Just the other day a 10 year old boy was lost in the Uinta Mountain outside of Salt Lake City. As a parent of a 6 year old my heart sank when I heard the news. I couldn’t imagine what the parents were going through. Thank goodness the boy was found safe after 29 hours alone in the wilderness.
This story along with other young children getting lost while spending time in the outdoors has given me motivation to talk to J-Man about survival skills and procedures, if heaven forbid, he ever gets lost. We have discussed here and there while hiking what to do, however, we have never really had a heart to heart about it… until now.
I sat down with J-Man and asked him what he should do if he gets lost. Here are my questions along with his answers…
♦ What would be the first thing you do if you got lost? Yell for you or use my whistle.
♦ What if no one responds? You always should stay in place.
♦ What would you do next? Hang out and wait for search and rescue.
♦ What if you get really thirsty or hungry? If there is a lake or stream close by go get a drink.
♦ What if you get cold? If there are big leaves lay them on the ground and then cover yourself with more.
♦ What if it starts getting dark? I don’t know.
Looks like some things have sunk in, however, there was some clarification and answers that needed to be addressed, which leads me to…
Wilderness Safety Tips For Kids
Staying with the group is important, however, we know kids love to roam and explore. How do we let them have some freedom without them venturing too far and getting lost?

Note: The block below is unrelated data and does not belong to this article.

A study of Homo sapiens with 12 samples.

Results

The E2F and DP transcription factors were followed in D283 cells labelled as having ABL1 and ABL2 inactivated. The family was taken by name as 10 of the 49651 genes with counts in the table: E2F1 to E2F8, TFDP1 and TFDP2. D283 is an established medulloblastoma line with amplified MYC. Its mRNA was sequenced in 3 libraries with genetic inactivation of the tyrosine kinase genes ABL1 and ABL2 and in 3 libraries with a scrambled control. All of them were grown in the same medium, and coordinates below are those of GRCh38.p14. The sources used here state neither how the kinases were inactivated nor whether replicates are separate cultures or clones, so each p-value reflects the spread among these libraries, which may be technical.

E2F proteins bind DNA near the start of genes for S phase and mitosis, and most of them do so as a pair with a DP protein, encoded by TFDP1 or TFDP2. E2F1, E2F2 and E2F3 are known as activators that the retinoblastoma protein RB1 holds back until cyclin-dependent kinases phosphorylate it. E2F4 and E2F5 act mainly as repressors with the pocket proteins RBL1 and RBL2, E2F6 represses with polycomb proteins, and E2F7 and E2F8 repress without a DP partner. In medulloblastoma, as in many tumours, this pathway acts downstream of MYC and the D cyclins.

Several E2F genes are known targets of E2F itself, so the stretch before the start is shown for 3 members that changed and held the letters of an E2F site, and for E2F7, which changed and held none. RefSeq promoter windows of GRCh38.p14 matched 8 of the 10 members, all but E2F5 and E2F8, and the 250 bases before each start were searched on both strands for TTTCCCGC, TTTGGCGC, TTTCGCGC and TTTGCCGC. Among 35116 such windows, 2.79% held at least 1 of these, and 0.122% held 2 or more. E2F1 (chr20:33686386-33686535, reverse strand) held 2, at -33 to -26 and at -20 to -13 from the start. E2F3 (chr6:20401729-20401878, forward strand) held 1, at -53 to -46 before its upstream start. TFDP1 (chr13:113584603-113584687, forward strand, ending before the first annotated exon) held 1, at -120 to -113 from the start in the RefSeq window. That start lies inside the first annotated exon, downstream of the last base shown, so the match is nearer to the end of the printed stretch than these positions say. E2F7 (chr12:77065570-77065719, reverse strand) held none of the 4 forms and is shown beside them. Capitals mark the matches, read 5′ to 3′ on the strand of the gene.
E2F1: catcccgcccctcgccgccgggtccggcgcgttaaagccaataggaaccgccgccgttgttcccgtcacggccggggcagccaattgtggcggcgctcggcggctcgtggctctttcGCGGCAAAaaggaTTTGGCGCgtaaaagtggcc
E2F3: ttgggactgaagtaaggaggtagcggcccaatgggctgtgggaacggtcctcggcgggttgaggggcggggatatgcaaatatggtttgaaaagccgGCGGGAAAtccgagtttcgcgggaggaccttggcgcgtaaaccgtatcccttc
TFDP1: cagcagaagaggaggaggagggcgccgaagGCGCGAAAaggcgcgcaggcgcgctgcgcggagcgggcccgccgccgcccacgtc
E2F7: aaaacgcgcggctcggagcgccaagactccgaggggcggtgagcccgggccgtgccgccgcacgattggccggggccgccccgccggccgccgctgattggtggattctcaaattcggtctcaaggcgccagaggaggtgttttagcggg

I like to initially scout the area with J-Man and make sure there aren’t any hidden dangers (unstable boulders or trees, cliffs, water holes, abandoned mines, etc.) I then set a perimeter and let him know that he can not explore past such and such tree or a specific landmark. I also make sure that he is close enough that we can hear each other. If he ventures too far away and cries for help I won’t be able to hear him.
What does he do if he gets lost…
1. Stay put. It’s easier to find someone in the area they went missing, so staying put is important. Unless he is in a dangerous spot or can see a nearby open space he is to stay where he is when he realizes he is lost. An open space can allow him to be seen easier if a helicopter flies overhead.
2. Whistle. A whistle is louder and easier to hear over moving water or wind. It is much easier to blow a whistle than to cry for help, especially if he is distressed.
3. Essentials. He can use the essentials in his backpack to keep him warm, hydrated and fed…rationing his food and water.
4. SOS. If he is near an open space he can use rocks or branches to spell SOS on the ground or draw it out with a branch or his foot. If he sees or hears a helicopter he can make himself look big by laying on the ground and moving his arms and legs up and down like he’s making a snow angel. Movement is much easier to spot.
5. Know everyone is out looking for him and he will be back with mom and dad soon.
Side note: If he wanders from camp and doesn’t have his backpack or whistle then it gets a bit trickier. He needs to stay put, yell for help and if he gets cold he can find leaves to cover himself to stay warm.
Writing this gives me anxiety. I hope none of us EVER experiences our child getting lost in the wilderness. If you haven’t had a talk with your child I urge you to do so. It could save their lives, just as it did the 10 year old boy’s.
What am I missing? What survival tips would you add to this?